Beat the burglar

Most burglars are not master criminals. They're usually young men looking for an easy opportunity to get into a house without being seen.

Once he's been in and got away with it, he may be back again unless you do something. And there's lots you can do. Don't rely on one or two precautions. Here are some tips that will help you beat the burglar!

Outside - your first line of defence

  • Walls, gates and fences - High fences are hard to climb, but they give a burglar cover once he's over. So keep them low. The best have a trellis on top, making them difficult to climb. And make sure to lock any gates to prevent access to the side or rear of your property.
  • Hedges and plants - Prickly bushes and hedges around a garden can act as a deterrent to a burglar.
  • Lighting and driveways - Get an outdoor light with a sensor that comes on when someone's around and don't underestimate the deterrent of a gravel drive. It makes quite a noise when walked on and can deter burglars.

Is anybody home?

  • Lights - You can get plug-in timers for your lamps - and timers for your ceiling lights. Don't just light up the hall. Fool a burglar by lighting up the landing, bathroom, bedroom and living room too. Really fox him by varying the times each light comes on.
  • Sound advice - Use a plug-in timer for a radio - make it a talk station rather than music.
  • Windows - Remember to shut all windows, even small and upstairs ones, when you leave the house, in your garden or in the rear of your property. If you're upstairs, close your downstairs windows and if you're planning some time away, get a trusted neighbour to shut the curtains at night . You could return the favour some time!

Help yourself - get equipped

The Council doesn't insure your things. But we do provide the best value home insurance around. To get insurance companies you need some security. So get fitting.

  • Mortice locks - Your front and back outside doors are thick enough for a five-lever mortice lock. Make sure it's British Safety Standard BS3621.
  • Window locks - The strongest type for a wooden frame does not involve any of the window catches - it pulls the window onto the frame with a key. Fit two locks on a big window and remember to take the keys out once they're locked.
  • Double glazing - The safest double glazing has bolts that shoot into the frame for extra security. Laminated glass is better than toughened because it stays in place when it's smashed - slowing a burglar down. It's safer for kids too because toughened glass shatters into tiny bits.
  • Patio doors - Make these safer with a purpose-made lock or a security bar.
  • French windows - If both parts of your French windows open, and you only fit a lock to one - the other is a weak point. Consider mortice bolts for the top and bottom of each door. Fit them into the frame - not the other door.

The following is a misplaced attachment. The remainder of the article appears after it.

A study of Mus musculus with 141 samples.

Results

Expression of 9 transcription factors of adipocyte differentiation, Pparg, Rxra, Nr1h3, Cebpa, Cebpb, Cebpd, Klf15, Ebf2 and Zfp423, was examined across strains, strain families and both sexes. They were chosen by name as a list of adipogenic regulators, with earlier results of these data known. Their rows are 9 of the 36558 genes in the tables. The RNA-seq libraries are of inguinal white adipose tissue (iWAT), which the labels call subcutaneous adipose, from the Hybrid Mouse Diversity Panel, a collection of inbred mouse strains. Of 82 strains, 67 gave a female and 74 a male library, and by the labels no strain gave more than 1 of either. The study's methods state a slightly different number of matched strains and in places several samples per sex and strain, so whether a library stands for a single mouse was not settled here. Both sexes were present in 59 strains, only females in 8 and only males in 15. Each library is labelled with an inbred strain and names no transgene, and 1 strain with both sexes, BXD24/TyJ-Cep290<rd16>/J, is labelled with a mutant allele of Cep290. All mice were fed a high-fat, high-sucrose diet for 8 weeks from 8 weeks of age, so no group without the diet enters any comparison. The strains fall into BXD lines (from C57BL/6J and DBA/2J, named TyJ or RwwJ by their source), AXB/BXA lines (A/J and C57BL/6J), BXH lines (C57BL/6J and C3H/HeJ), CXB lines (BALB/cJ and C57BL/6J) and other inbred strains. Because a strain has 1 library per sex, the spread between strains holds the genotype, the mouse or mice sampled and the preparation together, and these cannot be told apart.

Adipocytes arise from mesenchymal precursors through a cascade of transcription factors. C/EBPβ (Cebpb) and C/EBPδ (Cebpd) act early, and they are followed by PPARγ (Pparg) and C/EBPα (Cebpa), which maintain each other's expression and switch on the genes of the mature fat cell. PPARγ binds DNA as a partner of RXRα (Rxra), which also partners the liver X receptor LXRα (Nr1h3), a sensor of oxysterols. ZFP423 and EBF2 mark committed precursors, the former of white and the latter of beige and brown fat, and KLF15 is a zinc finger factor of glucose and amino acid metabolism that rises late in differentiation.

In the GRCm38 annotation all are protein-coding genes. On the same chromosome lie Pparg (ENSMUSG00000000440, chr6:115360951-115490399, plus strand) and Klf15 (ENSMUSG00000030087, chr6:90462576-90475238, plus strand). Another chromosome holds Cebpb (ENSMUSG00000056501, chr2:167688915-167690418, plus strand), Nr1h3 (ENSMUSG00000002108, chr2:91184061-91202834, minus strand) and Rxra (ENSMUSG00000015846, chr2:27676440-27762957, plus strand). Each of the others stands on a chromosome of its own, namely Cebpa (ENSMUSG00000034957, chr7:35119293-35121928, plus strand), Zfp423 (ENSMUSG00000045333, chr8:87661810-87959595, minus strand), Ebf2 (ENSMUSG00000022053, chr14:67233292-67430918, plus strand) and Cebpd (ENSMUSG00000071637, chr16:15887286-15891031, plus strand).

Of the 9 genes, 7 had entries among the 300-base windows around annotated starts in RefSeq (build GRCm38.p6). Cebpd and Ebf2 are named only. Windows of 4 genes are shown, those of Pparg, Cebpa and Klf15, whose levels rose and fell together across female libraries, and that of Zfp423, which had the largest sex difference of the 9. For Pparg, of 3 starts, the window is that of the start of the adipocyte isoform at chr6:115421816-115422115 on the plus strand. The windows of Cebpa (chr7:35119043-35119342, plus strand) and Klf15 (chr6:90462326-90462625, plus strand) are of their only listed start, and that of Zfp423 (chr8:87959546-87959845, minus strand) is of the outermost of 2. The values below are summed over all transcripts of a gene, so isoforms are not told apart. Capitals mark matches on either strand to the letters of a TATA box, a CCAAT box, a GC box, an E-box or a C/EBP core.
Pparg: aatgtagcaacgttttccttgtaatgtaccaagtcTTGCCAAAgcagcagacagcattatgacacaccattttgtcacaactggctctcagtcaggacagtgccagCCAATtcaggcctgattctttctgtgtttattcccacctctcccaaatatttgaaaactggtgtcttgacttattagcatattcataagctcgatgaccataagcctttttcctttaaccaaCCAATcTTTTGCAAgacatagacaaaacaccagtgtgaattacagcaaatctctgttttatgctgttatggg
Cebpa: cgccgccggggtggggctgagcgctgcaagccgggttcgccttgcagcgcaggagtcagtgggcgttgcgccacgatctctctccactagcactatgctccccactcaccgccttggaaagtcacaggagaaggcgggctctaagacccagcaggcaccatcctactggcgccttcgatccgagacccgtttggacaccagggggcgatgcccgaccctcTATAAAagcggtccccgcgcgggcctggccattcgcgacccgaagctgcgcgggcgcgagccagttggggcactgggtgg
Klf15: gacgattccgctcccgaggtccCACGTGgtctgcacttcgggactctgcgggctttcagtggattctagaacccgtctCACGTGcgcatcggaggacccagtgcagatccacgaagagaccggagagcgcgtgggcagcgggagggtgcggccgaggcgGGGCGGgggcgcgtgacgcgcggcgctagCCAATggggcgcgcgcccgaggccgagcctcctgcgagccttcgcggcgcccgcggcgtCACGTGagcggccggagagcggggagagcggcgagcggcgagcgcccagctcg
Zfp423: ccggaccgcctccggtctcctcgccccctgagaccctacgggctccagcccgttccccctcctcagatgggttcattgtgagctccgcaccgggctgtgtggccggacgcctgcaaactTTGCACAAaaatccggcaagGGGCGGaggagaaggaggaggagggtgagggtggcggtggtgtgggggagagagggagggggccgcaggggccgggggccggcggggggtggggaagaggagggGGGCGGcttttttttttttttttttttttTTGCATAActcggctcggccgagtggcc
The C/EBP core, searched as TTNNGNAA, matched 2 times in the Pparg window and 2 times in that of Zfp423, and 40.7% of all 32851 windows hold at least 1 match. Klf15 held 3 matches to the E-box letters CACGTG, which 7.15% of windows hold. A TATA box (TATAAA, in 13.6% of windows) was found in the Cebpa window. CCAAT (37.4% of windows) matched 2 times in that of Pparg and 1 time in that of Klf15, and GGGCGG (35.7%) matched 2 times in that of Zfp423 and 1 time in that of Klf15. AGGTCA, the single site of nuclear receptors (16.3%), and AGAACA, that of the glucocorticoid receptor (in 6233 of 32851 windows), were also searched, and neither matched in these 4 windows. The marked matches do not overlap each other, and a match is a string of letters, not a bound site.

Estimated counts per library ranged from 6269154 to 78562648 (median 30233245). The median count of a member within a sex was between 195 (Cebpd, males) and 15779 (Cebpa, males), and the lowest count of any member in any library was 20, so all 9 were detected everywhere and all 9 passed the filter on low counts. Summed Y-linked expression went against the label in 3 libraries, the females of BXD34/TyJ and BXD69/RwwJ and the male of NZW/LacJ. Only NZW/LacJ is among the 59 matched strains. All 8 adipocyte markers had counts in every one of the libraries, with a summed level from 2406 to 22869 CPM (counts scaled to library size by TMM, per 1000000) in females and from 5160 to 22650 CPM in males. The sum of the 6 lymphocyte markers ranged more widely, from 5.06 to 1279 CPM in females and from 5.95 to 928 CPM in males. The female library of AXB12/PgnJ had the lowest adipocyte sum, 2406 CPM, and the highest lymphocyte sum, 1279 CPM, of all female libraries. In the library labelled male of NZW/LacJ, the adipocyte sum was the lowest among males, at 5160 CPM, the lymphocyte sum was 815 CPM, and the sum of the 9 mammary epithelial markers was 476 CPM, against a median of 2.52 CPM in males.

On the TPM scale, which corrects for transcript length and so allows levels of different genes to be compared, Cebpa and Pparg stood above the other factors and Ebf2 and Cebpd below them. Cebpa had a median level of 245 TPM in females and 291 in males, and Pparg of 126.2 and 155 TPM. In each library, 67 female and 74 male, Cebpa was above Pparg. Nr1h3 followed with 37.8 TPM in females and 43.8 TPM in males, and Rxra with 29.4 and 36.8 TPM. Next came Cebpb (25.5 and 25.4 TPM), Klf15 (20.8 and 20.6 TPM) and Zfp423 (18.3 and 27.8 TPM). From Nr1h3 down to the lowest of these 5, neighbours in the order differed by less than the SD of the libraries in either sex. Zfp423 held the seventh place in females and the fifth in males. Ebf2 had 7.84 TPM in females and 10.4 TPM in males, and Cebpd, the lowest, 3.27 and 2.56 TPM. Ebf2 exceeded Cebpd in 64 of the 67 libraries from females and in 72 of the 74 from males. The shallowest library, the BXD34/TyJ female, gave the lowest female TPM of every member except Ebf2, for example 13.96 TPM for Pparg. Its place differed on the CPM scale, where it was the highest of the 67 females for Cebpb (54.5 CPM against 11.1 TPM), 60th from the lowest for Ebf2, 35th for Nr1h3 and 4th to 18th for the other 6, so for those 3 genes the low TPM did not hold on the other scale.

• Keys - Keep spares with a neighbour, friend or relative. Never leave keys in the door or within sight of the letterbox and don't take the risk of leaving them under plant pots or ornaments outside your property.
  • Dogs - Don't rely just on your dog to protect your home. Council tenants need permission to have dogs in certain types of property.
  • House alarms - When alarms sound, most burglars grab what they can and run for it. Whichever type of alarm you choose, get a professional fit it.

Coded for keeps

  • Ultra-violet marking - UV marker pens cost about £1 from stationers and security shops. Use them to put your postcode and house number on the bottom of your valuables. If your things are found, the police can read your details under UV light and return them. Redo this every year as the writing fades and sticker your house to let potential burglars know that you've done this.
  • Photographs - For small items like jewellery, photograph them against a ruler. A picture is worth a thousand words.
  • Immobilise - Electrical items, mobile phones and jewellery have ways digits that can ID them, like a serial number. Make a note of these numbers, photograph them and upload them to the Immobilise Website, a free service that is regularly checked by the police when they recover stolen goods.

Gardens and sheds

  • Shed security - Remember to postcode anything of value in your shed. Your lawn mower will be harder for the burglar to sell on with your house number and postcode painted across it. Make sure you cover any windows too, this prevents burglars seeing any valuables inside.
  • Padlocks - A good quality padlock - and the hasp and staple that go with it - is important on all sheds and garage side-doors. It's best to bolt the hasp and staple to the door and frame for extra strength.
  • Screw heads - Smear glue over the heads of screws or use anti-tamper screws.
  • Bicycles - Lock bikes to something fixed or bulky like a ladder or workbench.
  • Garden tools - Don't leave them lying around the garden, a burglar could use them to break in. Home Watch Protecting your home is fine, but you will enjoy greater security and peace of mind if everyone around is working with you. An enthusiastic home watch scheme will deter burglars. Contact your local police station for help setting one up.

Want more advice?

Contact your local crime reduction adviser on 0161 872 5050 or head to the Governments official crime reduction website.

Remember. . . prevention is better than cure.